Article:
Monday, March 17, 2014

Shakespeare's Language


Shakespeare’s Language by Frank Kermode. 2000. Read in August 2011.

                      I started reading this book just a few days after having visited Stratford upon Avon for the first (and so far only) time.
                      Kermode goes against the attitude that Shakespeare’s works, having been meant for the stage, can only be thoroughly appreciated on the stage. He emphasizes the importance of Shakespeare as a writer and has written a detailed and fascinating book in which he really explores about as many aspects of Shakespeare’s language as you can think of, giving many examples from the plays.
                      Part One is a general discussion of various plays. Part Two chooses a specific play for each chapter, not only the major plays but some of the lesser known like Pericles, Troilus and Cressida and Coriolanus. For example, in his chapter about Pericles, Kermode points out that Marina’s “indignation summons the Shakespearian fondness for the abrupt, violent, usually monosyllabic verb” (page 259). In Troilus and Cressida he makes the claim that “the language is almost everywhere concerned with questions relating to value” (page 129).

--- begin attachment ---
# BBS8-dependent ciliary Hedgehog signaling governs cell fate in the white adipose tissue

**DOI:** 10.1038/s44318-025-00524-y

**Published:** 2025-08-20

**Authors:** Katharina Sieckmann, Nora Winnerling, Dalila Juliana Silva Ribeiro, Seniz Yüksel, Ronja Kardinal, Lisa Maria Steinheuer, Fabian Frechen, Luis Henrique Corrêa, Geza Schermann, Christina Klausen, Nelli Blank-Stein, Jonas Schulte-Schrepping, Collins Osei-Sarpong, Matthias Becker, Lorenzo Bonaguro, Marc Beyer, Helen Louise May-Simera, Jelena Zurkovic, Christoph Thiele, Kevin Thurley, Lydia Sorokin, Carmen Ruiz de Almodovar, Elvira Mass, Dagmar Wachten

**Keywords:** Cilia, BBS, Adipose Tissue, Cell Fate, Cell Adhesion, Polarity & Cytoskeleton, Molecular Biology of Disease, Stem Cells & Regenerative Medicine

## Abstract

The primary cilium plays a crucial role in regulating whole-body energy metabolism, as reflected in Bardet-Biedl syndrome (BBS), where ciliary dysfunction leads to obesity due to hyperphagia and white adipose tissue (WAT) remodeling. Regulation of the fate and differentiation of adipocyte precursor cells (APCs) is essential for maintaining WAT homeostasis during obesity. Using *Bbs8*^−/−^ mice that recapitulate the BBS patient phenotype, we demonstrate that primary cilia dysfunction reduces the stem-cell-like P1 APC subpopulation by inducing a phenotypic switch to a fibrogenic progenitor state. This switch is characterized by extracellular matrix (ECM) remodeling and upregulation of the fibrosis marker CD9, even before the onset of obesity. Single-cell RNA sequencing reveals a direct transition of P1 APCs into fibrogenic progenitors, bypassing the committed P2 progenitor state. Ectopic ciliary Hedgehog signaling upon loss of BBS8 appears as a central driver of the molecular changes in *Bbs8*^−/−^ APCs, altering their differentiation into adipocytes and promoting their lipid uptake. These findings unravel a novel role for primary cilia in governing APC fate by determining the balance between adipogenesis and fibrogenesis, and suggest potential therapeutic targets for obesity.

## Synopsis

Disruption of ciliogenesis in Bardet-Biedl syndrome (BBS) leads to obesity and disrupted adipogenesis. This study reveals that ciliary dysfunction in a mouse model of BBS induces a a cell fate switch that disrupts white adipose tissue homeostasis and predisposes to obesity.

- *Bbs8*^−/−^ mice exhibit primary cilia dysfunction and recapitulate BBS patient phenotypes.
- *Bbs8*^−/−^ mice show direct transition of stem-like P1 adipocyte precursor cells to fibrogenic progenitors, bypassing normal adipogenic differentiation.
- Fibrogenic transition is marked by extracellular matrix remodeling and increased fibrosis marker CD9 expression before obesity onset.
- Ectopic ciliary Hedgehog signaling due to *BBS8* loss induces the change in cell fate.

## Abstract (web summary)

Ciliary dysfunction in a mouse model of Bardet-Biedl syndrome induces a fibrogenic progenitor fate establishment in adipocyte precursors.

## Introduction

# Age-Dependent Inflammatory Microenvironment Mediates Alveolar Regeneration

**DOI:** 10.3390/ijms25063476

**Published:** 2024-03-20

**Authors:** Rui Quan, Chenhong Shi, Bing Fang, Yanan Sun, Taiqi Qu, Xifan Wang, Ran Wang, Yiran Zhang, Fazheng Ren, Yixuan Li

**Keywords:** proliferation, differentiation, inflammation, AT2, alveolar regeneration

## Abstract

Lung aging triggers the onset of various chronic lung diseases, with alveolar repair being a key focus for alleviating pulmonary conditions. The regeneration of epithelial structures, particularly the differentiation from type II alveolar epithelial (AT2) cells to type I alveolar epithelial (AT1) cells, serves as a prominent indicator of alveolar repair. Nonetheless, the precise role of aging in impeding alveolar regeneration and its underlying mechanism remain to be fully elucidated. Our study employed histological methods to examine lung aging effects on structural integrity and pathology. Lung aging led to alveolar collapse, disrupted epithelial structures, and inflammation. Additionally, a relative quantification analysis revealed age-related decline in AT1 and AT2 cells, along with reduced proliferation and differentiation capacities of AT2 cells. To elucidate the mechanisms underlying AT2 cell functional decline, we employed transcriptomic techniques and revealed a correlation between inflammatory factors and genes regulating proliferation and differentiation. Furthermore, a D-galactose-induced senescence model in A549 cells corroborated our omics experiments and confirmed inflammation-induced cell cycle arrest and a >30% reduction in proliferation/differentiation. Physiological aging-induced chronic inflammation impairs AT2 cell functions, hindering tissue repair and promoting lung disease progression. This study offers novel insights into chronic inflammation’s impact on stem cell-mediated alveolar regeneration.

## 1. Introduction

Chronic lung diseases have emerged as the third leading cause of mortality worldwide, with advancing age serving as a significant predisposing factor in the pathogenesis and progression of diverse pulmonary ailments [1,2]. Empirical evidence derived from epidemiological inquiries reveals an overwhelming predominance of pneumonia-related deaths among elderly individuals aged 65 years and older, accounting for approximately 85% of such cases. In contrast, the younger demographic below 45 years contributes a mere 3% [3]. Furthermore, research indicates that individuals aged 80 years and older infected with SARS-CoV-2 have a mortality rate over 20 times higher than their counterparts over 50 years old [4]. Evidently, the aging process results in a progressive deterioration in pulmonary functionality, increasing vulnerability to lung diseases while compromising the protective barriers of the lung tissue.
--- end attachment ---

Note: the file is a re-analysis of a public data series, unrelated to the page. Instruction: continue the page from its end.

He also looks at specific words, for example “brow” and tells us that this word or its plural “brows” occurs in the plays 129 times. This is in the chapter about Hamlet and it is shown that some scholars think brows can mean lunacies but Kermode doesn’t think it’s that simple: “Much might be deduced from the condition of the brows” (page 117).
                      Some of his reasoning is a bit convoluted and it’s not always explained. Towards the end of the book he mentions “the muscle-bound contortions of the late Shakespeare’s language” (page 304) and while I like the sound of it, I don’t really know what he means.
                      When starting to write analyses of the plays for Shakespeare Calling I thought I would be referring often to this book, but I don’t remember having done so even once. That still might come however.  It really is an interesting book.